In recent years, industry has been experiencing a new revolution, the 4th or 4.0, with the appearance of the Internet of Things (IoT) and artificial intelligence. After having addressed the issues of improving efficiency and productivity of industrial equipment, new technologies are now addressing the issue of their maintenance, which is called predictive maintenance.
Unlike corrective maintenance (otherwise known as curative or reactive maintenance), which consists of having technicians intervene when a breakdown occurs, predictive maintenance will make it possible to anticipate the breakdown and therefore to intervene upstream and thus optimise human and financial resources.
Predictive maintenance consists of anticipating failures in equipment, machines or systems using sensors (IoT) which monitor the state of the machine in real time and send back data via the Internet of Things. This data is then analysed and used to develop algorithms that will predict and identify the signs of a breakdown so that technicians can intervene proactively, before the breakdown occurs. Parts are therefore not changed unnecessarily and the risks of production stoppages are reduced.
Predictive maintenance is a real innovation for the industry, and if properly programmed, presents numerous benefits:
Predictive maintenance 4.0 cannot be reduced to simple maintenance, but aims to reduce the unavailability of equipment (by maintaining it preventively). It is therefore a step further than the productivity improvement mentioned before, but in the same direction: improving production at constant installation.
In the Covid 19 period, where travel had to be avoided as much as possible, predictive maintenance projects also had the advantage of not sending technicians to the site when they were not needed.
The prerequisites for integrating a predictive maintenance system are the following:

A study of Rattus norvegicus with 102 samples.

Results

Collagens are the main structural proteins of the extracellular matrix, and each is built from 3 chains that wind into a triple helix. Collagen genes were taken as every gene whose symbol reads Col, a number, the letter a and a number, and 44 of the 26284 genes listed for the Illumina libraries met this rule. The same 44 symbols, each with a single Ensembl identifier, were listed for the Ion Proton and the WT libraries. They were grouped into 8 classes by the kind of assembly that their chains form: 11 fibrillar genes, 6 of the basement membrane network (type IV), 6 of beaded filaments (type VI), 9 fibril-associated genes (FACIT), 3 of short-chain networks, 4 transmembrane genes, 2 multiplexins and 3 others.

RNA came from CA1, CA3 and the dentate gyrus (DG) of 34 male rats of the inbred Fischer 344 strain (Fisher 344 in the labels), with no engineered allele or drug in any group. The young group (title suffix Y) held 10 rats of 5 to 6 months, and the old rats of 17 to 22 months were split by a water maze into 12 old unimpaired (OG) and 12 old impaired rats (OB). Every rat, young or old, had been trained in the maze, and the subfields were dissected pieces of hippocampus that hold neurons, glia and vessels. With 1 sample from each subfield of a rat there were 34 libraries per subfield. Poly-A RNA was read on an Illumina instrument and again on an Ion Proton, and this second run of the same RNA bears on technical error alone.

To detect a failure or malfunction, sensors can be based on different parameters: vibration analysis, ultrasonic fault detection, infrared thermographic analysis, oil and fluid analysis, spectral analysis (frequency analysis) or visual analysis by cameras.
First of all, the deployment and integration of a predictive maintenance programme represents a significant cost for a company: the cost of the data sensors that will monitor the state of the machine in real time as well as the cost of the analytical tools dedicated to the exploitation of this data. In addition, the cost and training time required to master these tools for the maintenance service teams must also be taken into account. Finally, the development and deployment of a predictive maintenance programme also requires a time investment.
Dedicated solutions are available to ensure that the data is properly retrieved and used, and that machine learning is implemented.
IBM Maximo Predict, for example, which, when integrated with IBM Maximo, will be able to "look for patterns in asset, usage and environmental data, and correlate these patterns with known problems, to help reliability engineers and maintenance managers predict failures and share data and results"..
Discover in our dedicated use case how we helped them develop their solution by training their algorithms with our image annotation solutions.
Unlike corrective maintenance, which consists of having technicians intervene when a breakdown occurs, predictive maintenance will allow you to anticipate it. How does this predictive model work and what are the benefits for a company?